Suck my dick & other tales

On notes left in the DJ booth, and misogynists in love

I was left this note last night. Delightful isn’t it? Let’s look at it more closely.

“Suck my dick!”

The first comment written is fairly innocuous. If I’m being critical, it does slightly fall into the realms of ‘pat pat well done gold star’ territory (addressed in my article here), but the intentions are good. The second – well, what can I say? It was given anonymously so I assume the desired effect was not to literally elicit oral sex from me, but simply to intimidate or insult. Male DJs get offers – I get orders, apparently.

I’ve had everything from the sublime to the ridiculous handed to me at work. How about this request?

I don’t think I need to go into how wrong this is.

Just no. Can you not.

How about these two gems – both from the same night:

“Mate, I’ve been looking at you for a while and I really like your stretchers, they really compliment your eyes. My name’s Stoey, my P.O is XXXX, my 21st is coming up soon + I want U 2 DJ x”

Be still, my beating heart! Starts out as a love letter and ends as a job proposal. How could I refuse?! Also I’m not sure how my ‘stretchers’ (ear tunnels) can compliment my eyes – unless my eyes were looking particularly round, black and abyssal that evening.

“Ms DJ, nice to meet you. I bought some shoes off a drug dealer yesterday. I think they were laced with something dodgy – I was tripping all day! Call me xx Juniper.”

Really? Really? 

As a female DJ, I had to quickly scale a steep learning curve when it comes to getting hit on. I’d like to stress before I go any further that I don’t think every man that shows interest in me is a dick. Nor do I wish to toot my own horn about how often it happens. I can point out, however, that I have noticed an increase in attention since full-time DJing, and a marked difference in the kind of attention I receive. I’m usually happy to chat with punters as long as I’m not knee-deep in a multi-layer mix, but I’ve learned the tell-tale signs of an ill-intentioned chat-up. Most common is guys trying to find common ground by informing me that they are DJs too. If this is true, there are three explanations considering I know most of the DJs in my local area: they’re all from out-of-town (unlikely), they’re bedroom DJs (more likely) or they’re telling big fat fibs (extremely likely). While this opener in itself is not a bad tactic, not once in my experience has someone who started with this line of conversation ventured any further into my interests before expressing their sexual interest in me. My only explanations for this are that perhaps they presume DJs are only interested in dating (or sleeping with) other DJs, or more so that they think it will impress me. To a certain extent if often feels like they’re trying to one-up me, citing vague details of residencies and mentioning genres they think I might not have heard of.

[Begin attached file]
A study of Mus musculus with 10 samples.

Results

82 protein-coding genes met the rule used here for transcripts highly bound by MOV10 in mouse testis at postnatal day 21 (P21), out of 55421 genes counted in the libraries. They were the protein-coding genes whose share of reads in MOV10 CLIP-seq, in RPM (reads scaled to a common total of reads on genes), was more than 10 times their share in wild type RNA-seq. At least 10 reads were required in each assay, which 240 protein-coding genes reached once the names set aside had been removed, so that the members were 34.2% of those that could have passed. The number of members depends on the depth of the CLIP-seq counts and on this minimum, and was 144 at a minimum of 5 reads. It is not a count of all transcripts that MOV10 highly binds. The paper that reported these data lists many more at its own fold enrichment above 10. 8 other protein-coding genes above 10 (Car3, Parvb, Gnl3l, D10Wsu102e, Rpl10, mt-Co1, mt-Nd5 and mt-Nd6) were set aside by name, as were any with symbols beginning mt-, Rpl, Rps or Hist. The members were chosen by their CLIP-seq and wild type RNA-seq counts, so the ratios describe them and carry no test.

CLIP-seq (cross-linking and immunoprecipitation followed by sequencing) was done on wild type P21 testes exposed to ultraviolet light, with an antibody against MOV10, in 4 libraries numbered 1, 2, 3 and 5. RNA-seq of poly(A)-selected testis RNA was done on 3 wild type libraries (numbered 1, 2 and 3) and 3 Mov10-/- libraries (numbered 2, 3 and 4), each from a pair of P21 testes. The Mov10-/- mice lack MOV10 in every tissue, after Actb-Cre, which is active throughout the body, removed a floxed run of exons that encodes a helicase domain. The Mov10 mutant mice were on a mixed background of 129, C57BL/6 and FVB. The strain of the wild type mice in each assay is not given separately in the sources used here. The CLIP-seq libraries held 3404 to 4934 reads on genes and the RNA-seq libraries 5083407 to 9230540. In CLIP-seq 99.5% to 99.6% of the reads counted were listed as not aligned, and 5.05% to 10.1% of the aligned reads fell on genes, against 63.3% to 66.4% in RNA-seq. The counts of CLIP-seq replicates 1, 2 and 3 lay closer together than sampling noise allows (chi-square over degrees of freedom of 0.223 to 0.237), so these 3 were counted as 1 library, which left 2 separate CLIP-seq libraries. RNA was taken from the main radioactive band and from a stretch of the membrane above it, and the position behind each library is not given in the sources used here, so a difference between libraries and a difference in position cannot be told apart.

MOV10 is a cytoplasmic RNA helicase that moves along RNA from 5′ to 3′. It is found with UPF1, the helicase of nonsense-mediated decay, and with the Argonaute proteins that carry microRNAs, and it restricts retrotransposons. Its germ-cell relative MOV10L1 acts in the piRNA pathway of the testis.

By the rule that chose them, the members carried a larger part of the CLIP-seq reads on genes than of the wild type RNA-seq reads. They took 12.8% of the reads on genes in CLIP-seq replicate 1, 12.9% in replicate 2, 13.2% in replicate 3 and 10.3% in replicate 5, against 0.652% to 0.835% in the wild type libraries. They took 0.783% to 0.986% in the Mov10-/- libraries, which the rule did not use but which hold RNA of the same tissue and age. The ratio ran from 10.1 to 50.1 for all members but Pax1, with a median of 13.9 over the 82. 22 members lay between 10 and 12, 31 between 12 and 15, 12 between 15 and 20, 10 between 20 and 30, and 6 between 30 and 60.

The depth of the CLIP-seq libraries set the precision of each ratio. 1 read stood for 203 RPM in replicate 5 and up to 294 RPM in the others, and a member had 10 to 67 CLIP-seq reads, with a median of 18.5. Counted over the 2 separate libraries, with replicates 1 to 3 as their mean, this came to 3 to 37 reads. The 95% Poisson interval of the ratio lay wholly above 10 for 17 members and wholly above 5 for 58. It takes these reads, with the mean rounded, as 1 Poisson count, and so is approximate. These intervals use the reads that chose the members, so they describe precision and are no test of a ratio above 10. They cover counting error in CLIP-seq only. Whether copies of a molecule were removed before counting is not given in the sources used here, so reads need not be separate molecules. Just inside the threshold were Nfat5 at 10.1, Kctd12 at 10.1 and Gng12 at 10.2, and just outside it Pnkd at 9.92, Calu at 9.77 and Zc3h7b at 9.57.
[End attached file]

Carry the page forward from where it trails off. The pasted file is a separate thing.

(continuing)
Speaking of musical taste, I frequently get attention for being an alternative looking person playing mainstream music. Just because I’m wearing a deathcore t-shirt doesn’t mean I can’t play a solid deep house set, but time and time again I come under scrutiny for it. In these situations it’s hard to consign this to anything but ‘negging’ – the act of subtlly insulting a woman in order to provoke her to defend and justify herself. This is exemplified in comments such as “you don’t like this music do you?” – simultaneously intended to disarm me while implying no right answer. I’ve often found that being an alternative person in a non-alternative environment can attract unwanted attention. I’m seen as a novelty, a girl who is ‘funny’ to hit on. I’ve had my tattoos and hair grabbed and manhandled more than I care to mention. Somehow it’s appropriate to make wild assumptions about my sexual behaviour based on my appearance, and furthermore worse to make unsolicited explicit remarks based upon these deductions. During my (very) brief outing into online dating years ago, I found this amplified moreso: curious men fetishising me for looking a certain way, reducing me to an ‘alternative girl’ archetype that would willingly comply with their wishes, e.g. “You’ve got tattoos, I bet you’re a kinky girl,” – I wish I was making that up.

All this is bad enough, but remember this is happening to me when I’m AT WORK. I’m not seen as a person doing a job, someone who has been professionally hired for a specific reason. I’m just another woman in a club, albeit one stuck somewhere with no hope of walking away. Who could resist a captive audience, eh? Worse is when I’m fetishised and seen as the ‘prize to be won’. Think of the man-points you could score. In contrast, women are more tactful with their chat-ups. Yes, I’ve had women express interest in me several times, and in my experience they’ve always been more gracefully honest with their approaches, and never taken my rejections personally. Is this a reflection of women in general, or perhaps lesbian/bi women in particular?


This being said, I’ve also been chatted up by men who meant well and took my polite declines benevolently. Not all guys are assholes. Next year I’m marrying a guy who got in contact with me after seeing me DJ. It’s not inherently wrong to hit on female DJs – just make sure it’s done respectfully, for the right reasons, and above all: not when we’re trying to fucking mix.